Use personal device for work? Employer can wipe memory for security reasons

38% of companies plan to require employees to supply their own devices by 2016


ORLANDO, Fla. – Chances are good you're reading this article right now on your smartphone.  And chances are even better that you've sent a work related email recently too.

[WEB EXTRA: Cellphone for work]

A new survey of 1,100 workers showed employees who use mobile devices for work and personal issues put in 240 more hours per year.

That's six extra weeks of work.

If you're tired of carrying around that extra work cellphones your company's bring your own device plan may sound like a good bet, but you need to beware before you sign up to use your personal cellphone at work.

Health care consultant Michael Irvin says he was just going about his day, when suddenly his phone reset.

When he turned it back on he says it was blank.

"It was just like I got it originally. It had no emails; it had no text messages, no apps, nothing. It was just completely wiped," said Irvin.

At first he thought it was just a glitch.

Then, Irvin says, he learned his personal phone, which he also used for work, had been wiped clean by his former employer.

"There were photos of my mother with my kids, a lot of new phone numbers, contact information that I had gathered," said Irvin.

Bring your own device programs are skyrocketing in the United States with 38 percent of companies saying they plan to require employees to supply their own phones and tablets within the next two years.

But while these programs can save companies money and be more convenient to employees, they're not without draw backs says Lewis Maltby, founder of the National WorkRights Institute especially when the employee leaves the company.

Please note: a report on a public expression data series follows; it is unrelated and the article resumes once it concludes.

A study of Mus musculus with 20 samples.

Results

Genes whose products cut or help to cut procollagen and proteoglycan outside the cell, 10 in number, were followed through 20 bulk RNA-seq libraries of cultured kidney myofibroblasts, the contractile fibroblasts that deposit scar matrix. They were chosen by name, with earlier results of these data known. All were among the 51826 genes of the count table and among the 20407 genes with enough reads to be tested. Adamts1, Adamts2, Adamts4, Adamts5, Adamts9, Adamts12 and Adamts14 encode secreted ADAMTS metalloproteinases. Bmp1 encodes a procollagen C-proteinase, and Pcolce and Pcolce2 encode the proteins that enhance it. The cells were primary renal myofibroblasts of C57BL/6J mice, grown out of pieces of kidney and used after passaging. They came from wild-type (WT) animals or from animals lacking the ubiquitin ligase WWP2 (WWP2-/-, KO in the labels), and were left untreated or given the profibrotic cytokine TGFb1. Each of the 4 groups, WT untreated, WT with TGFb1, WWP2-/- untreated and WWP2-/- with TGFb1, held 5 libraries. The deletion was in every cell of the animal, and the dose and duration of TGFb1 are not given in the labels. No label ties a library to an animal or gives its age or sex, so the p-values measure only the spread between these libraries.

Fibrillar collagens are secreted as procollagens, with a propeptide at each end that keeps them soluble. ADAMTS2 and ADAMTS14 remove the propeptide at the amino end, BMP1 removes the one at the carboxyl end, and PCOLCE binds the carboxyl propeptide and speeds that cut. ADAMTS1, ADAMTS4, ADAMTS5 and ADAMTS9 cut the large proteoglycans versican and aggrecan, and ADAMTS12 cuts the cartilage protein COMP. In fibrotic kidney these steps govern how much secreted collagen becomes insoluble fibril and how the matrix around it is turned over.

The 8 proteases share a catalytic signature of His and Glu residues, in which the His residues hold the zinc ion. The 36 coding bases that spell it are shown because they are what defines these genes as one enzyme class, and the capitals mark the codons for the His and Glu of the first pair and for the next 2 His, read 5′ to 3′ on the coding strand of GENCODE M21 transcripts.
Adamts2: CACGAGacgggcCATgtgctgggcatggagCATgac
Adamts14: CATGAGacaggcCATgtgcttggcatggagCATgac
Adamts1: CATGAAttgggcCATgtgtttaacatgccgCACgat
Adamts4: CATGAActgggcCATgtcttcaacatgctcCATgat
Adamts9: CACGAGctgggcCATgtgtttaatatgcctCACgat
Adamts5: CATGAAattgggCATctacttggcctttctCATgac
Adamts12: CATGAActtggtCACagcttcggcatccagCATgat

"You can understand why the company would want to wipe the cellphone. You've got a lot of communications on there that are business oriented maybe company data. But unfortunately what happens is that the whole cell phone gets wiped, and now you lose everything," said Maltby.

Irvin is not alone. Maltby says cellphone wiping has become the No.1 workplace complaint they receive

Labor and employment attorney Mark Terman suggests companies provide a disclosure of their policy and get written consent from employees.

He also believes they should invest in new "sandboxing" tools that allow for a more selective wipe. 

"Systems that operate in one sandbox on a device could be accessed and wiped out while not disturbing the sandbox where the personal information of the individual is on," said Terman.

Meanwhile, Maltby has this message for anyone using a personal device at work saying, "if you leave your job tomorrow, download anything on your cell phone you don't want to lose."

As for Irvin, he says he was never able to retrieve his lost photos and contacts.

And wiping isn't only an issue when you leave a company.

If you lose your phone or tablet - even temporarily - a company may want to wipe it immediately to ensure the data isn't accessed by anyone else.

Be sure to back up your device often.